STEVE INSKEEP, HOST:

The retreat of Russian forces from parts of Ukraine makes it possible for residents to speak of their experiences. And some talked with NPR's Ashley Westerman.

ASHLEY WESTERMAN, BYLINE: As we approach the area about 60 miles south of Kharkiv, a hasty Russian exit that Ukrainians have reported was evident - truckloads of Russian tanks and military vehicles being hauled out, humanitarian aid being brought in.

(SOUNDBITE OF VEHICLE WHIRRING)

WESTERMAN: Our first stop was the village of Verbivka, where we were greeted by dozens of locals who couldn't wait to talk about their experiences under six months of occupation.

(CROSSTALK)

WESTERMAN: Sixty-eight-year-old Volodymyr Lymanskyi (ph) says he's so happy and relieved.

VOLODYMYR LYMANSKYI: (Non-English language spoken).

WESTERMAN: We felt a bit wild, he says, living with no electricity, mobile service, pensions. Olga Panchenko (ph) says she's excited just to be able to leave her home. She was always afraid to go out when the Russians were there.

OLGA PANCHENKO: (Through interpreter) When I went outside, I said, Lord, if you exist, let me not be killed.

WESTERMAN: Just down the road in Balaklia, the first town to be liberated by Ukrainian forces in their latest counteroffensive, the shelling endured by the area was evident, particularly in the center - blocks of destruction, broken storefront windows, burned balconies, fallen bricks. Victoria Kobzar's apartment was one of those hit.

VICTORIA KOBZAR: (Non-English language spoken).

WESTERMAN: But it's OK, she says. Windows can be replaced. The most important thing is that Victoria, her husband and their cat survived. Officials say, so far, they've only found five bodies of Ukrainian civilians since Balaklia was liberated on September 8. But they know there's likely more. Serhiy Bolvinov is the head of Kharkiv region's police investigations department. He's not only investigating deaths, but also alleged torture and abuse of Ukrainians by Russian soldiers that reportedly took place here in the Balaklia police station. Bolvinov says at least 40 people were held here in these small, concrete cells during the occupation. And the Russians left so fast, he says, they left the prisoners locked inside without food and water.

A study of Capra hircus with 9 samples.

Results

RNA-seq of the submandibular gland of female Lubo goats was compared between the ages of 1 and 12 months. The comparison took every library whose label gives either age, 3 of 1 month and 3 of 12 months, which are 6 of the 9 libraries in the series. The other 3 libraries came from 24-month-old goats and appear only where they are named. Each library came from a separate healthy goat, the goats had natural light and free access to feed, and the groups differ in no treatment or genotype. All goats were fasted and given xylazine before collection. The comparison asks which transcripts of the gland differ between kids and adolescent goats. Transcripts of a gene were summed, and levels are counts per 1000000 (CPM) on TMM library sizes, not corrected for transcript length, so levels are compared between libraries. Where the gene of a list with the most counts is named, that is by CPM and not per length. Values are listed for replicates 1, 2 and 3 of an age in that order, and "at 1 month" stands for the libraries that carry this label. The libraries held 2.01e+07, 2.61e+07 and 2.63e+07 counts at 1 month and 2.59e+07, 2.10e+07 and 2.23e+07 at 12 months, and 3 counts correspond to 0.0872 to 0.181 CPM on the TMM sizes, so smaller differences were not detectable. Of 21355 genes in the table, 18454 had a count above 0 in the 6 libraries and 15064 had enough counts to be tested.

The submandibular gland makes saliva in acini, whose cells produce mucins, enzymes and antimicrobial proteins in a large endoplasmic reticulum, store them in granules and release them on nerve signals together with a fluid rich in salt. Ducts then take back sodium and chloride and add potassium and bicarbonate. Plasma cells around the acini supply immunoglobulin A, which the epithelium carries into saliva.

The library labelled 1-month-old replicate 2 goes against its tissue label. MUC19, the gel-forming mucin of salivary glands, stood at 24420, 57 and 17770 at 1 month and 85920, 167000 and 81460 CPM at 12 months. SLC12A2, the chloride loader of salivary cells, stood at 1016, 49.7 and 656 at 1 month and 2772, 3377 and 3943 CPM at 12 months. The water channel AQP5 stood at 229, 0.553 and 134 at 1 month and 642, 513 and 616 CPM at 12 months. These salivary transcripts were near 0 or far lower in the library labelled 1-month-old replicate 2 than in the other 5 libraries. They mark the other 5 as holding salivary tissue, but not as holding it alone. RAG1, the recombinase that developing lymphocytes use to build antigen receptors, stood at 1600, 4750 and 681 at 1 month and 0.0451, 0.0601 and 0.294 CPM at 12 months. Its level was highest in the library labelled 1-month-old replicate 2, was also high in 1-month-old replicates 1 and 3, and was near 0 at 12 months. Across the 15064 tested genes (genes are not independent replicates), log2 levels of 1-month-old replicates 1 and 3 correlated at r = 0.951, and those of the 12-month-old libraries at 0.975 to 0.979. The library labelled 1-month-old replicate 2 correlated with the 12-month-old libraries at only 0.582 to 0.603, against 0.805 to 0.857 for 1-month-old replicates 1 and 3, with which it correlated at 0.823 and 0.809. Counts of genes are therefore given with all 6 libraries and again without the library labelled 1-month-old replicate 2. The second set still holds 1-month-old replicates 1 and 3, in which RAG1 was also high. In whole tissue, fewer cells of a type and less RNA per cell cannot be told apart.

SERHIY BOLVINOV: (Through interpreter) The smallest civilian broke out of the window to his cell and released everyone else.

WESTERMAN: Thirty-five-year-old Vitaly Alferyuk was one of them. We met him randomly on the street opposite the station. The Balaklia native says he was detained because he is a former Ukrainian soldier.

VITALY ALFERYUK: (Through interpreter) We were tortured with batons and electric shocks.

WESTERMAN: He says he was kept there for two months before he was finally freed.

ALFERYUK: (Through interpreter) I want peace all over the country and all over the world. Russians have fought with Ukrainians enough. Let Russians go to their land and fight there.

WESTERMAN: With the Russians gone, what this town and area need right now are basics - food, water and electricity. And while they're happy to have been liberated, they want assurances, too, that the Russians are gone for good.

Ashley Westerman, NPR News, Balaklia, Ukraine. Transcript provided by NPR, Copyright NPR.

Ashley Westerman is a producer who occasionally directs the show. Since joining the staff in June 2015, she has produced a variety of stories including a coal mine closing near her hometown, the 2016 Republican National Convention, and the Rohingya refugee crisis in southern Bangladesh. She is also an occasional reporter for Morning Edition, and NPR.org, where she has contributed reports on both domestic and international news.